Transaction Ketchup: Reds sign Bubba Crosby

The first free agent acquisition of Wayne Krivsky's first real offseason wasn't the most exciting move he's ever made. But did he get someone who is nonetheless useful? Well...

Bubba Crosby, now 30, was a first-round selection out of Rice University by the Los Angeles Dodgers in 1998. He had an unbelievable season that year, hitting 0.394/0.504/0.828 (1.332 OPS!) and being ranked as a first-team All American outfielder. ... Granted, that's not the last time he hit well. But after that sort of performance and his high draft slot, you can't help but feel his professional career has been a disappointment. It took him three seasons to get to AA (at age 25), and it wasn't until age 27 that he broke the 0.900 OPS mark as a professional ballplayer -- and even then it was in hitter-friendly AAA Las Vegas. There was talk at the time that he might be a late bloomer. Unfortunately, he hasn't hit since, albeit with limited playing opportunities. Recent stats:
I will say that Crosby does walk at a reasonable AAA. But he hasn't had a batting average above 0.280 or a slugging percentage above 0.400 since 2003. Part of the reason might be that 2003 was the last time Crosby had a decent number of at-bats in a season, but thus far Crosby has shown very little ability to hit at the major league level. And, at 30 years old, there's little reason to think that he will start hitting now. On the plus side, he does seem to have modest speed and the ability to use it well.

So not much offense. How does he field? I don't have 2006 fielding stats yet, but the fielding bible (2005 stats) rated him at -2 plays in 144.2 innings in center field in 2005 (-19 plays/season) and -2 plays in 100 innings in right field (-27 plays/season). I think this is a case where low sample size makes extrapolations a bit dangerous, so I'd take those as indicating roughly average/just below average both positions. Clay Davenport's fielding stats generally support this, and put him as an average/just above average defender. So he won't hurt us defensively, but he's not special out there either.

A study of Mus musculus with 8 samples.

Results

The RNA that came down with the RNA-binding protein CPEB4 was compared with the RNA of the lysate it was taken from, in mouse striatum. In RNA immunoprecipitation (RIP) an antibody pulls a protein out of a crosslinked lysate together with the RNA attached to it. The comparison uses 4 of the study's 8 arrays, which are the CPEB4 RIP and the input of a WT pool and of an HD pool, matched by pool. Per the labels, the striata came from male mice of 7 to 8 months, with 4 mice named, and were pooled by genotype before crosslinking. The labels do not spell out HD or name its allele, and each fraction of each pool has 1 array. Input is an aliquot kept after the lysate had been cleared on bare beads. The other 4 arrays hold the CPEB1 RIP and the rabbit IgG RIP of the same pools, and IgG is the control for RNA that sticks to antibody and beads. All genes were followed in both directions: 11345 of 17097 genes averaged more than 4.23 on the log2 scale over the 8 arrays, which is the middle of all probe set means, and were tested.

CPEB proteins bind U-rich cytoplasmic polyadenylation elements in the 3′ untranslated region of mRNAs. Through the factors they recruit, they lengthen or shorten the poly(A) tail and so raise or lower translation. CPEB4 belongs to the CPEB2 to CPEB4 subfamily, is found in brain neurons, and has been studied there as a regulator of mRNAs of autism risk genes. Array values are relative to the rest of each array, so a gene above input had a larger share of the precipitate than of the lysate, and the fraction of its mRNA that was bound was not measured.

Now I'm not going to ride Wayne Krivsky too hard for this signing. After all, he only spent $400k on this guy, which is only $10k above the minimum. We can always release him. But I'd rate Crosby as #6 in our outfield depth right now. Obviously Griffey, Dunn, and Freel top the list, although the Reds like to avoid giving Freel a real job, so I'll pencil him in as the #4. That puts Denorfia as the right fielder, and he clearly deserves this real shot as a regular. And Norris Hopper is my #5 outfielder, as he has skills (contact and speed) that should make him useful off the bench. So I'm not really seeing how Crosby is any kind of upgrade, or even where he fits in. Nevertheless, odds are very strong that he'll make the opening day roster. As long as he doesn't start over Denorfia--or even platoon with Chris in the outfield--I won't freak out too much.

I'll conclude with this quote from the 2005 Baseball Prospectus Annual on Crosby, just because I find it really funny: "Winner of the Columbus Shuttle Frequent Flyer Award, Crosby didn't get to do much besides pinch-run, sub on defense, and fetch Joe Torre his pre-game cup of herbal tea. He's not vastly overqualified for any of those roles."